Disparities in the Era of Telehealth: Evaluating Outcomes and Sociodemographic Factors of Outpatient Palliative Care Telehealth Visits
Virtual visits (patient-clinician video or telephone visits in real-time) have increased rapidly over the past decade in outpatient palliative care. The COVID-19 pandemic and changes to reimbursement policies have propelled their growth and reinforced virtual visits as a new norm in care delivery. Yet, data are lacking on the association between virtual visits and palliative care outcomes, and on virtual visit feasibility for palliative care, particularly among populations experiencing systemic patterns of disadvantage, such as persons of color and those with limited English proficiency (hereafter referred to as underserved populations). Underserved populations experience lower quality and utilization of palliative care. They also face significant barriers to virtual visits, raising concerns that the increasing use of virtual visits may widen existing disparities in palliative care. However, this remains unknown. The objective of this proposal is to evaluate a full range of palliative care outcomes among in-person versus virtual outpatient palliative care clinic visits and examine facilitators of and barriers to virtual outpatient palliative care among underserved populations. This proposal investigates two specific aims: 1) evaluate differences in outpatient palliative care process outcomes (screening for psychosocial, spiritual, goals of care needs) and clinical outcomes (e.g., change in pain over time) by visit type (in-person vs virtual) and assess disparities by race/ethnicity and preferred language using national Palliative Care Quality Network data (N>12,000 patients), and 2) examine facilitators of and barriers to virtual outpatient palliative care, particularly among underserved populations, through in-depth interviews and focus groups. This work will have significant impact in assessing the use, outcomes, and feasibility of virtual outpatient palliative care. It will also lay the groundwork for my research program focused on developing interventions to increase access to equitable, high quality palliative care for underserved populations with serious illness including with virtual visits and other digital health tools.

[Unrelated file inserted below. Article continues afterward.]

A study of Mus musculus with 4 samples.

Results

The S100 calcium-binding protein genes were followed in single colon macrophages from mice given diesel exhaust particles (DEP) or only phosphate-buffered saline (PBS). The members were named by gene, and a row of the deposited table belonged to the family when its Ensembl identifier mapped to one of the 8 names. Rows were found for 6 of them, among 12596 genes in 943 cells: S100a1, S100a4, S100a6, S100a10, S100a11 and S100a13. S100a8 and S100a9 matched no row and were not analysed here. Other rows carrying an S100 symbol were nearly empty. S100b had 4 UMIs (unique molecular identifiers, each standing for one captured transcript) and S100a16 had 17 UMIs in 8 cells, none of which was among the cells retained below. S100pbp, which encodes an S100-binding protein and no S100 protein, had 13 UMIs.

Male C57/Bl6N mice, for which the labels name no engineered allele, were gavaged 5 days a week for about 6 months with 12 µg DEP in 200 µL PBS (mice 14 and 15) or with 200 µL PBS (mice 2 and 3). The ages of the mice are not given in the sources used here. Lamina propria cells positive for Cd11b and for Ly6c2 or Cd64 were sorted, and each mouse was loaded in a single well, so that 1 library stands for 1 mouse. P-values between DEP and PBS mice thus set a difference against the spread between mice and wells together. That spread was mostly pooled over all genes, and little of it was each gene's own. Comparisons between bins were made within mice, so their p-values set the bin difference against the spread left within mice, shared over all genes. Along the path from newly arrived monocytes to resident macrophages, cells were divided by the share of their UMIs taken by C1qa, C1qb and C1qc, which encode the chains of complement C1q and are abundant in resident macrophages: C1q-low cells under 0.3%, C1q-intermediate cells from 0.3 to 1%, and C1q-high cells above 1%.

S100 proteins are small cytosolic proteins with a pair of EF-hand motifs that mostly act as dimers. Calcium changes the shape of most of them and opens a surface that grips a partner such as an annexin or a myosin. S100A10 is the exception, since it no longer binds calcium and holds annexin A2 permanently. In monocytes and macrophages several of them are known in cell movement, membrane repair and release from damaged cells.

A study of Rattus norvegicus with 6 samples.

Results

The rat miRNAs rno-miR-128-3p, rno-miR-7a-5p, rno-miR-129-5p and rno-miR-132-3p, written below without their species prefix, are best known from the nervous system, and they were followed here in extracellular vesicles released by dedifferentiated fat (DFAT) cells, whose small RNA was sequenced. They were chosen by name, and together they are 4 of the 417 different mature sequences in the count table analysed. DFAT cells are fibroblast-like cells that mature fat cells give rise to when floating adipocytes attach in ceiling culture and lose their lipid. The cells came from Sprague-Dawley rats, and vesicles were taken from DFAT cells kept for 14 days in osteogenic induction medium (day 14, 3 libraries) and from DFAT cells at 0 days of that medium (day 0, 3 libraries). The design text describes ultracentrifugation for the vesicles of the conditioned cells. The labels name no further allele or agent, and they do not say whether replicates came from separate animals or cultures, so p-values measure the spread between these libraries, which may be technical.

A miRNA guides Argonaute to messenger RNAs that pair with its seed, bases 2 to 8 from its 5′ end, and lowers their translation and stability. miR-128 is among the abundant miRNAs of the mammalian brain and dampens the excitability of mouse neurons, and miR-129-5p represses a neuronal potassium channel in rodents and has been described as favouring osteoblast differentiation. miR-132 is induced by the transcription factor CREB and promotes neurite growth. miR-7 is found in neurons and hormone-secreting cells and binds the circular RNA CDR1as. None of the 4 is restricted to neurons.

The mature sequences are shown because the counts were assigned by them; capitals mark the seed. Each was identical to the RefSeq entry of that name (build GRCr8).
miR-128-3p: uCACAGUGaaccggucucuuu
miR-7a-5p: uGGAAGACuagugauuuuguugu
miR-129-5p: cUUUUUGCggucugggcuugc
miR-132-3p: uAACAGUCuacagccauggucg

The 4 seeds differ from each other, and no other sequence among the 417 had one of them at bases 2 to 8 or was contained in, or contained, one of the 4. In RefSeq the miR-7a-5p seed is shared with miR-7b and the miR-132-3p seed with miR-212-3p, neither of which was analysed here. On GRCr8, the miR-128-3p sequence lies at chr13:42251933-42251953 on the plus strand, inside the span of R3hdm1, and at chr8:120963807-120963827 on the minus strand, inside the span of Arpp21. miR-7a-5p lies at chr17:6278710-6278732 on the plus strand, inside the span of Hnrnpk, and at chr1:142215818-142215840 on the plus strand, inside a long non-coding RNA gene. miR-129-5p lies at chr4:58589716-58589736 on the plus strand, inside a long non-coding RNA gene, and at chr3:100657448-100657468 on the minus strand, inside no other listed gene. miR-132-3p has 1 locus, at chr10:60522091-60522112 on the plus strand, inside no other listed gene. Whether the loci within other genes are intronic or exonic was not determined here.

MD, MPH is an Assistant Professor of Medicine in the Division of Palliative
Medicine at the University of California San Francisco (UCSF). She received her
BA in Anthropology and BS in Ecology at Rice University, her MD at the
University of Texas Southwestern Medical School, and her MPH at the Harvard
School of Public Health. She went on to complete her Internal Medicine
residency at Duke University in the Ambulatory Care Leadership Track, followed
by a Primary Care Research Fellowship then a Hospice and Palliative Medicine
fellowship at UCSF. She serves on the Steering Committee for the San Francisco
Palliative Care Workgroup. Dr. Nouri’s research focuses on achieving equity in
serious illness communication and palliative care access, utilization, and
quality among populations experiencing systemic disadvantage and racism.